All too often, as runners and athletes we hit a “plateau”—a period of time where we don’t improve, and where increased training seems to shove us into a downward spiral of overtraining and injury. Rinse and repeat. Thanks to our own overactive imagination, or to the whispers of the running superego, we conclude that it’s our genes. Our genes just won’t let us.
I vehemently disagree with this conclusion. First and most importantly, we are not geneticists versed in the details of our genetic makeup. It is the constant frustration of injury—and not an epiphany about our lot in life—that typically leads us to conclude that the culprit is something that we have no control over: our genes (when we’re young) or our age (when we’re wiser).
Most of the performance in elite athletes (particularly in east-african runners) that is attributed to genetic differences in, in fact, a myth. Although elites do tend to have a particular genetic makeup, this is only a tendency. In Running Science, Owen Anderson comments: “elite athletes may be slightly different genetically from nonelites, but having a superb genetic makeup is not mandatory in order to become a top-level athlete.”
Boasting particular genes is not needed to break into the elite level—let alone to continue improving in the recreational sphere.
Of course, that’s not all there is to this. In Systems Thinking: Managing Chaos and Complexity, Jamshid Gharajedaghi writes: “As our knowledge about our environment [increases], so [does] our ability to convert uncontrollable variables to those that could be influenced.”
Regardless of what our “genetic makeup” is, our genes are not as immutable as we think they are (or, in some cases, as we would like them to be): It has recently been reported that gene expression changes after bouts of exercise. Although novel, this finding is altogether unsurprising when viewed from an adaptive perspective: in order to adapt to novel stimulus, gene expression must change, to create a structure and function that can address this stimulus.
This realization does two things for us: one, it breaks down the typical mental model (a.k.a. way of thinking) that certain things (like genes) are constants, and brings us the awareness that many things that appear to be constants are in fact variables, held constant by other systemic factors. Two, it prompts us to find a way to manipulate these—and other—variables, in order to further our athletic development.
Once we’ve pushed a particular variable—say, the quality and quantity of training—far enough, we’re going to plateau. To arrive at a training plateau is to be pushing the boundaries of the present system. At this point, a multitude of other variables, physiological, social, emotional, and even philosophical, contribute to stall our progress. By pushing our athletic training we’ve been pushing a multi-sided system unilaterally, reducing the slack between that variable and all others. Once we’ve pushed training as far as it’ll go, there’s no use in pushing it further. Just like a rubber band that’s reached its limit, pushing it any farther will only cause us to bounce back harder still.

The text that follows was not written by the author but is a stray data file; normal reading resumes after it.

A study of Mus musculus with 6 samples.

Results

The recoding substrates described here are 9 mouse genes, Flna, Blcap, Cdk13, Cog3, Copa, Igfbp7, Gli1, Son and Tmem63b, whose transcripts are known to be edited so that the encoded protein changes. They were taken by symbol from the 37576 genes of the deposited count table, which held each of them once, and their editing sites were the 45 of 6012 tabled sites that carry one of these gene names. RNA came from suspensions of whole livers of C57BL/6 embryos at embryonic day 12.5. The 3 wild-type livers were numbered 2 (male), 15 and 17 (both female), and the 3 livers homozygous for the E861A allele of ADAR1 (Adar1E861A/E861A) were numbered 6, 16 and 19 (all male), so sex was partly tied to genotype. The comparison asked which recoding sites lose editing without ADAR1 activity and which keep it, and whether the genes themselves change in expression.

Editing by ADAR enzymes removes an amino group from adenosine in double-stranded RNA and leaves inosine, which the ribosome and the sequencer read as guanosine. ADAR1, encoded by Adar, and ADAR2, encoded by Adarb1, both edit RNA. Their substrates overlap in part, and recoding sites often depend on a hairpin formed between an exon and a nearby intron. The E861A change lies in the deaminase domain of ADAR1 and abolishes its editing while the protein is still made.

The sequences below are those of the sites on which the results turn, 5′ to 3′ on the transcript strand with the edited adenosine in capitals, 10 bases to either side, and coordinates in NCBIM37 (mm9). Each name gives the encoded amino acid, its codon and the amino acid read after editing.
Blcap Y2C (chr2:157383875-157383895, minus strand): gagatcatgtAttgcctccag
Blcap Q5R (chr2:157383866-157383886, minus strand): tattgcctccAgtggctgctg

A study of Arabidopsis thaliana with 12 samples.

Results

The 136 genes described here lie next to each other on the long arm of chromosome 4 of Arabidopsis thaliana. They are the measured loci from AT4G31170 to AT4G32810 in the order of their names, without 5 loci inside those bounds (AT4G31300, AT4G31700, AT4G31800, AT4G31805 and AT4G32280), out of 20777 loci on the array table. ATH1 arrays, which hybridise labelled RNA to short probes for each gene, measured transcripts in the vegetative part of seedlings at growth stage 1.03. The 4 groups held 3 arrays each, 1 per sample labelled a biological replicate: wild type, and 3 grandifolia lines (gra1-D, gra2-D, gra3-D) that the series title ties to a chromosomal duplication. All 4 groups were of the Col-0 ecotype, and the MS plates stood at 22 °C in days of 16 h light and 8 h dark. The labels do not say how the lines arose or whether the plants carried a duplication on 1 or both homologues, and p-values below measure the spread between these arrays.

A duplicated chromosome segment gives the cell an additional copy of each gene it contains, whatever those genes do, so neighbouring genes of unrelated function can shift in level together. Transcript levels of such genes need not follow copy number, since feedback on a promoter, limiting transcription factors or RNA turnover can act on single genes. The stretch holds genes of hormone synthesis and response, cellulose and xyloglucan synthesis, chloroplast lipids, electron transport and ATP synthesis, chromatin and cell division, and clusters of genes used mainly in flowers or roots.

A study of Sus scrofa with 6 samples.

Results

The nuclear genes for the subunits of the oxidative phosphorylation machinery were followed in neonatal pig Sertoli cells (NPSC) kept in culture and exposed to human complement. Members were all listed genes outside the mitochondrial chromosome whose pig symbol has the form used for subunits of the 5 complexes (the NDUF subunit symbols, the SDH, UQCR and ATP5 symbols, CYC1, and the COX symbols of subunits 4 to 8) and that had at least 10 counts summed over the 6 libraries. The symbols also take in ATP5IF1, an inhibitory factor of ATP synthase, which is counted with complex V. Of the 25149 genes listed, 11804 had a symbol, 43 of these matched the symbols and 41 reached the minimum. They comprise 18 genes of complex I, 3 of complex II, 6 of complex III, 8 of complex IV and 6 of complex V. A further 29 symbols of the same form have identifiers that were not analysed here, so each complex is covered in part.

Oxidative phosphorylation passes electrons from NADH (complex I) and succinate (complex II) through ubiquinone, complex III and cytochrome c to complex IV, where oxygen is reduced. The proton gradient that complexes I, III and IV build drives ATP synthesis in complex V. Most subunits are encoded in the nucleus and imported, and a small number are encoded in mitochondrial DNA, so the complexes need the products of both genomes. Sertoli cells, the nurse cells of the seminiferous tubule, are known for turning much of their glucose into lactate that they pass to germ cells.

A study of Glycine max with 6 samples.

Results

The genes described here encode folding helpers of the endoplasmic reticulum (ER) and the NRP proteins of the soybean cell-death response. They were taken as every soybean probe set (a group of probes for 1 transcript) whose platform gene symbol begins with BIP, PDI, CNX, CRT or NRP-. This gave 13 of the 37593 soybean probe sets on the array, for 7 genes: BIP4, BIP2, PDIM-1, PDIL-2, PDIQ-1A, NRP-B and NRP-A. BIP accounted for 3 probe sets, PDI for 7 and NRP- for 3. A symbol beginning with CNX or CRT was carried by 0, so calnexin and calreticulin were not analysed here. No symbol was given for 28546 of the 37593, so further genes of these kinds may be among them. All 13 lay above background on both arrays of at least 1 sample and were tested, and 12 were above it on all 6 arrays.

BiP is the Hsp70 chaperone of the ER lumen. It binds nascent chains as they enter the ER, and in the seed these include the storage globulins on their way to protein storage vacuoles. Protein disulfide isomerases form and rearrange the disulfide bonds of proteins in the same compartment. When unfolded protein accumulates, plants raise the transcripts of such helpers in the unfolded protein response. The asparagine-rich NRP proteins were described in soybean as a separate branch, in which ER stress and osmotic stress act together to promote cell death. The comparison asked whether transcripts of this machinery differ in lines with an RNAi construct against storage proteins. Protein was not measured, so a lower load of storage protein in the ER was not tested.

We need to do something else, namely, to focus on the other variables—regardless of whether we think them “related” to exercise or sports. On this topic, Gharajedaghi writes:
“A given design may contain some slack between variables. This permits us to deal with each variable separately as though it were an independent variable. The performance of each variable can be improved independently until the slack among them is used up. Then, the perceived set of independent variables changes to a formidable set of interdependent variables. Improvement in one variable would only come at the expense of the others.”
If we push our training too far, our work suffers. If we push it further, our personal life will suffer. The fact of the matter is that once we’ve been training for a long time, our athletic pursuits become interdependent with all our other pursuits. This is why we find athletic masters such as Bruce Lee training the habit of breaking habits: technique and physique—two variables that Bruce Lee was renowned for pushing, were pushed hard enough that they became interdependent with psyche.
Bruce Lee realized this, and began to work on the flexibility of his psyche as he’d worked on the flexibility of his body. Had he not realized this, his athletic development would no doubt have hit a plateau—one probably very similar to the plateau that the majority of other proficient martial artists inhabit. It is his realization and acknowledgement of the interdependency of variables that allowed him to push the development of his craft that much further.
For the purposes of us runners and athletes, this theorizing coalesces into the following concrete advice. As soon as we reach a plateau, or we get the slightest hints that we’re beginning to overtrain, it’s time to change our approach—and change it fundamentally.
At this point, we’ve got training. We’ve done it so well that we can’t safely push it any further. It’s time to turn to our household, our family, our friends, our thoughts, and emotions, and begin to develop them as we’ve developed our bodies. We continue to train, and continue to run, but we move our focus towards other domains.
Then we’ll continue to improve—and not because we found a hot new training plan, but because we realized, inernalized, and acted upon the knowledge that training isn’t all there is to athletics.